Looks like the HST will add an extra 8 per cent
to management fees on Mutual Funds !
With funds being taxed at effectively at four to five times the rate of other
savings vehicles such as guaranteed investment certificates, term deposit
and stocks.

Does anyone have any ideas to avert this tax grab !
I know the simple answer is not to be in mutual funds, but I wonder how many people know how badly they will be effected if they don't take action?
 

to management fees on Mutual Funds !
With funds being taxed at effectively at four to five times the rate of other
savings vehicles such as guaranteed investment certificates, term deposit
and stocks.

Does anyone have any ideas to avert this tax grab !
I know the simple answer is not to be in mutual funds, but I wonder how many people know how badly they will be effected if they don't take action?
Investors won't feel the additional tax on the fund fees because fund companies will take it from the fund instead of billing the investors. The tax will be reflected in slightly lower fund returns. Also, the tax is on the fund management fees, not on the income, dividends or capital gains generated by the funds. This will make funds slightly less attractive investments, but it's no reason to jump into holding a portfolio of stocks and bonds directly if you don't have enough capital.
 

I know the simple answer is not to be in mutual funds, but I wonder how many people know how badly they will be effected if they don't take action?
The action I am going to take is not to vote for the current Govt. come next provincial elections.
I am powerless to do anything more - but I have the prerogative to not vote for this govt and instead vote for the opposition and I fully plan on exercising that option.
 

 


There are approximately 1 gazillion ETFs traded on the NYSE Arca that charge next to nothing in management fees, and you can get in or out whenever you feel like it. Want exposure to Canadian securities? Buy a Canada ETF in New York. Commodities, emerging markets, real estate, currencies, government bonds, corp bonds, small cap, large cap, tech, pharma, financial services, carbon, volatility, t bills, you name it, there is an ETF in New York for pretty much everything now. Transaction cost is around $2; $1 to get into your position, $1 to get out of it. (this is assuming you are with a proper broker such as IB, not some garbage Canadian bank such as the big 5 that charges 10/20/30 dollars or more per trade)

no restrictions whatsoever, and you can take short positions in any of them as well. Canadian mutual fund companies are useless and for the most part deserve to go out of business. Lucky for them, most Canadians are totally ignorant of what management fees people pay in all other developed nations. And also ignorant of the fact that Canadians are being robbed blind by their Canadian financial advisers and fund companies.

So this tax on Canadian mutual funds is basically irrelevant since Canadian mutual funds are miles away from being anywhere near competitive in the market already. Trade in the US and you don't have to worry about this crap.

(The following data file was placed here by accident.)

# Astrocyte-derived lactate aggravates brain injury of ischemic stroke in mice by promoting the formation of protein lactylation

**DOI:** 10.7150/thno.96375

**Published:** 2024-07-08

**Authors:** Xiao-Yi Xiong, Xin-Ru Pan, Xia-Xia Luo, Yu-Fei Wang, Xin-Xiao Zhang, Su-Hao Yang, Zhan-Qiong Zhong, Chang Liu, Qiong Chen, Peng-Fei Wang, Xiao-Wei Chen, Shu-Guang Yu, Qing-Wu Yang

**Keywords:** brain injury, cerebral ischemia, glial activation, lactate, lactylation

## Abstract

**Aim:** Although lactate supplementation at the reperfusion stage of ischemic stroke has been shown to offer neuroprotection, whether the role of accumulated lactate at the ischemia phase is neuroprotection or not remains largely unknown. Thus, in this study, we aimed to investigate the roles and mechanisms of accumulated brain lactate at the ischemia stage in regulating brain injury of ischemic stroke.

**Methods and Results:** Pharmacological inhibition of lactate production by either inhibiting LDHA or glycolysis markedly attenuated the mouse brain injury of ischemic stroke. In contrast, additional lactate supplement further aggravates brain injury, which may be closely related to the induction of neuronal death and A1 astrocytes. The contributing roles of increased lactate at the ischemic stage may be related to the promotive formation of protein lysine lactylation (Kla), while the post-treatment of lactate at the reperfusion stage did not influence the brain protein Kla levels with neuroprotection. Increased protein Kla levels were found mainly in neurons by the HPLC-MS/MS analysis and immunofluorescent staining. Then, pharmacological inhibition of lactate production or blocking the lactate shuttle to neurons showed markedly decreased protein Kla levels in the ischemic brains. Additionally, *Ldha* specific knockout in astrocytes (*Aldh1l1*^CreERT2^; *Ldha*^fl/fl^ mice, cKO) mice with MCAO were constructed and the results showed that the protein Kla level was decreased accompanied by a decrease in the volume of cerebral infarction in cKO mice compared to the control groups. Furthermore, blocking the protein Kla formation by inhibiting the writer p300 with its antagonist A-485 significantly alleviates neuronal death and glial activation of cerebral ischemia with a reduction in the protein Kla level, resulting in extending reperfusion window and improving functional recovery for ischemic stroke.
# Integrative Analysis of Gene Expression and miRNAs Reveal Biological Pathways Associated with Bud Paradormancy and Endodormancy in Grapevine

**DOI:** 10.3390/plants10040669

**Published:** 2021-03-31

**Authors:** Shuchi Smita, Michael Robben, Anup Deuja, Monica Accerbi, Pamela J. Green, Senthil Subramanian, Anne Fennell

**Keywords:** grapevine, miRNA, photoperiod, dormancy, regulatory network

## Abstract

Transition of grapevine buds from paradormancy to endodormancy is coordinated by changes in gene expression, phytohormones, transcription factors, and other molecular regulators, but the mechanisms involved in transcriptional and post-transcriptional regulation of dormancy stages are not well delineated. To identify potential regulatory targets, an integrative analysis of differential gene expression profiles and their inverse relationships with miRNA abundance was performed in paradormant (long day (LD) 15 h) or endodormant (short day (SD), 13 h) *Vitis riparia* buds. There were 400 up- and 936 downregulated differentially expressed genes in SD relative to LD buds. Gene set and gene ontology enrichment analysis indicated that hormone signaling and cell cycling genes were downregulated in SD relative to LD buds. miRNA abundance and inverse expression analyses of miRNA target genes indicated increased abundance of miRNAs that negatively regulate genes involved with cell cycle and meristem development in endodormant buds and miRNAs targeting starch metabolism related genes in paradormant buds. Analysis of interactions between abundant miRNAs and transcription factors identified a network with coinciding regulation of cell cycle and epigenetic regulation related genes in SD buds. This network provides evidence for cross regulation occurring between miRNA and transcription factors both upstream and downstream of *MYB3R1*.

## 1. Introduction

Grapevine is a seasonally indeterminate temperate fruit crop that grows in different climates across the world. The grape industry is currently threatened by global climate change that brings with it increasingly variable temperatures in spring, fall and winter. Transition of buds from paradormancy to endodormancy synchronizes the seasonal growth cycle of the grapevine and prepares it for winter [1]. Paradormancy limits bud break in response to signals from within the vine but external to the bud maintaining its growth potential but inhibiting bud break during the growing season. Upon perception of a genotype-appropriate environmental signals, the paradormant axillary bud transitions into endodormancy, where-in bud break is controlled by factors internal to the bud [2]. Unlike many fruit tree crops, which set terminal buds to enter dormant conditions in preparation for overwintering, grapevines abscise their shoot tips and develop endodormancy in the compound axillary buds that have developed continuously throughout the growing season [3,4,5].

/rant
 

Investors won't feel the additional tax on the fund fees because fund companies will take it from the fund instead of billing the investors. The tax will be reflected in slightly lower fund returns. Also, the tax is on the fund management fees, not on the income, dividends or capital gains generated by the funds. This will make funds slightly less attractive investments, but it's no reason to jump into holding a portfolio of stocks and bonds directly if you don't have enough capital.
http://www.getsmarteraboutmoney.ca/tools-and-calculators/mutual-fund-fee-calculator/default.aspx

Fee's have a negative impact on returns, you will be mad when you see the math.
 


I'm not so ignorant as to not know that the the introduction of the HST in Ontario and BC will reduce fund returns. What I said is that investors won't "feel" the effects of the tax on fees in the same that they they don't "feel" the effects of management fees already, even though the effects are there in lower fund performance. It's harder to get outraged about what you're paying when no one presents you a bill, which is probably one reason why Canadian unitholders can be so complacent. That being said, I don't see the increase in fees resulting from the HST as a reason to abandon my portfolio of low-fee index funds in favour of holding the underlying securities. Suppose the management fee on a fund is 1% per year before GST and HST. Then the after tax management fee is 1.12% (if the fund operates in BC where HST will be 7%). Of course, the effects are worse if the mandated fees on the fund are higher. That is yet one more reason to avoid high-fee funds like the plague.

You're also missing the point of what I said in the last sentence. Investors that don't have a lot of capital find it hard to achieve an optimal level of diversification if they are directly holding a portfolio of stocks and bonds. Also, transaction costs can kill investment returns almost as badly as management fees if one is making many small transactions.